How to take the plunge and help UK dolphins
The United Kingdom may not be large, but it has a surprising number of cetacean species - whales, dolphins and harbour porpoises - living in or regularly visiting its coastal waters.
The marine research charity Sea Watch Foundation has been studying them for more than 20 years and has built up a large photo id database of flukes and fins from which individuals can be recognised, and therefore 'tracked' over years.
Sea Watch is looking to harness the help of scuba divers to record and send in their sightings. Those sightings will be combined with data received from across the country and from boat operators to help determine species trends around the coast and assess the health of both resident and migratory populations. Combined with other research, sightings data helps Sea Watch Foundation work with the Government and other bodies to develop effective conservation policies.
There are currently 12 species regularly visiting the UK shores with a total of 27 species recorded at one time or another in our coastal waters. 'Hotspots' around Wales and Scotland are amongst the top places in the world to view dolphins.
In the UK expect to see: Harbour porpoises; minke, fin, humpback, killer, pilot and sperm whale; bottlenose, Risso's, common, white-beaked and white-sided dolphins.
Occasional visitors include: striped dolphins, sei whales, northern bottlenose whales and even, once, a dwarf sperm whale.
Marine mammals everywhere are facing a battery of threats - everything from climate change, to noise and environmental pollution through to over fishing.
Take the impact that just one of those threats has on just one aspect of their life cycle, multiply that by the other threats and impacts, and you can see why developing effective conservation measures is vital if these iconic species are to be protected.
Climate change is just one threat. With the temperature of the world's oceans rising, the impact on cetacean food chains is likely to be profound. The foods they currently rely on - like plankton, fish, and squid - may need to move into cooler waters if they are to survive, or they may perish. The cetaceans that rely on them will need to follow those food stocks, face starvation or try, in the space of a generation or two, to adapt to incoming and new foods that thrive in warmer waters.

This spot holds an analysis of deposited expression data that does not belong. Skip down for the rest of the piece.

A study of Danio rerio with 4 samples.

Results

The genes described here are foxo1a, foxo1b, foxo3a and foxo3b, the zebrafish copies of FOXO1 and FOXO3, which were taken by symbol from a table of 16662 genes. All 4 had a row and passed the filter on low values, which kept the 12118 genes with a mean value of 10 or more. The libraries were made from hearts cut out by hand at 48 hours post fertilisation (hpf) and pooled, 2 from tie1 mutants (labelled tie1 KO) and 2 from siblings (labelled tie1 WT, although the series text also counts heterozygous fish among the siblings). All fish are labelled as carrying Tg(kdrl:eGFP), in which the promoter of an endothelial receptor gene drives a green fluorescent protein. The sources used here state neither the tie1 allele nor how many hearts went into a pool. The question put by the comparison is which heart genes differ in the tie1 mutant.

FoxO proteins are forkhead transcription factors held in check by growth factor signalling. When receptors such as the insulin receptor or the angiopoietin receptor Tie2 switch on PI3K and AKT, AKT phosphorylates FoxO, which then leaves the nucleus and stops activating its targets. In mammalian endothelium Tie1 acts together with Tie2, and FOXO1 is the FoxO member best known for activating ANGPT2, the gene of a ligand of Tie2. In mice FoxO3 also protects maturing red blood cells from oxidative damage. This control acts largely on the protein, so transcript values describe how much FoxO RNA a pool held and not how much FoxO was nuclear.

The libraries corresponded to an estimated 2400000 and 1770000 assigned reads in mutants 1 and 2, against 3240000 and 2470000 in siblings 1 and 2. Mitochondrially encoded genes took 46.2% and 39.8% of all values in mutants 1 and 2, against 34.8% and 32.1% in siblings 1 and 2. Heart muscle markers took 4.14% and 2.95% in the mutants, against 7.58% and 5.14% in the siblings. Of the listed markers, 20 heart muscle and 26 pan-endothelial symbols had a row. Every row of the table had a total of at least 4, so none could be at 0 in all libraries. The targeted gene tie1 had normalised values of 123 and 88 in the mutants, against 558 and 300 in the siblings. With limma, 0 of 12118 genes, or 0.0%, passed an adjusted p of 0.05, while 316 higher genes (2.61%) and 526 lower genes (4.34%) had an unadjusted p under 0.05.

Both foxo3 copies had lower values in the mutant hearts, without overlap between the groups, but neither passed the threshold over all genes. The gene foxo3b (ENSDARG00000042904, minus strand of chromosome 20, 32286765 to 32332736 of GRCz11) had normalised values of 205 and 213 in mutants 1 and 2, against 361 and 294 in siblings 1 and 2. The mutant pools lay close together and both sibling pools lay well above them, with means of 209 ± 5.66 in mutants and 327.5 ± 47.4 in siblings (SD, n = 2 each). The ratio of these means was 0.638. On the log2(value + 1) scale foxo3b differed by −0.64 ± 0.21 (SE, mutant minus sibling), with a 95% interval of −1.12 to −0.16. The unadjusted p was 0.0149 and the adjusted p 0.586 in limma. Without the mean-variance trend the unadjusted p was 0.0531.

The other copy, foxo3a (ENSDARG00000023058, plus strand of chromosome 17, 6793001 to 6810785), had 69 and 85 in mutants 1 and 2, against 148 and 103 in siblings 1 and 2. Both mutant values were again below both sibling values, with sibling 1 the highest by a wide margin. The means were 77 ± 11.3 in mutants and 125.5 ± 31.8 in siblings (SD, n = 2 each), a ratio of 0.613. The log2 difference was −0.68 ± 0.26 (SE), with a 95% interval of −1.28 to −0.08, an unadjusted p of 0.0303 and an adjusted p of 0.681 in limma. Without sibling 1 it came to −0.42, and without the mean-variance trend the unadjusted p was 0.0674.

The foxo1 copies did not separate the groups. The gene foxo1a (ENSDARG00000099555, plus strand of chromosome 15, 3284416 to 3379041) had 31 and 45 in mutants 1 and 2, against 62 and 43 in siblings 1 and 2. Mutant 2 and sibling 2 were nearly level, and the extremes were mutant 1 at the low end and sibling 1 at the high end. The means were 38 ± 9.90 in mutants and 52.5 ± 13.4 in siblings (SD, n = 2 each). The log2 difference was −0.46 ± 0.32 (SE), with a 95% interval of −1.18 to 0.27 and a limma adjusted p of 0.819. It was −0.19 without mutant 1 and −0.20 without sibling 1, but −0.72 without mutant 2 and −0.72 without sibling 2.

However, those new food sources will also bring in their wake species currently more often seen off the Mediterranean or African coasts, which will be forced in their turn to follow their food chain. As a result, species which have not previously overlapped with UK’s native fauna may find themselves fighting over resources, and possibly passing on disease to populations that have not been exposed to them before and therefore have no immunity.
However, more immediate, and possibly farther, reaching effects to local populations come from noise, other environmental pollution and over fishing - and that is why we need to harness the help of scuba divers to collect as much data as possible!
What you can do
- Let us know at firstname.lastname@example.org if you would like more information about how to send in your sightings.
- Tell us if you would be interested in helping set up a national Divers for Dolphins network from scratch at email@example.com
- Contact Sea Watch Foundation to discuss our accredited training courses. If you complete these courses you will be qualified to hold or take part in dedicated surveys, to become a Sea Watch Regional co-ordinator or Observer (volunteer roles).
- Support the charity and its fundraising by adopting a dolphin for yourself, a friend or a relative - and not just for Christmas! www.adoptadolphin.org.uk raises funds that help support the work of Sea Watch researchers and scientists all year round.
- Let us know if your group would be interested in a talk by a Sea Watch or Adopt a Dolphin representative.
- Schedule in dives to coincide with the National Whale and Dolphin Watch 2014 – dates are July 26 to August 3 - and let Sea Watch know of any dolphins, porpoises or whales you encounter. This annual watch provides an important snapshot of species distribution around the UK. 2013 saw a record number of sightings contributed, with the full report to be published shortly on the Sea Watch Foundation website.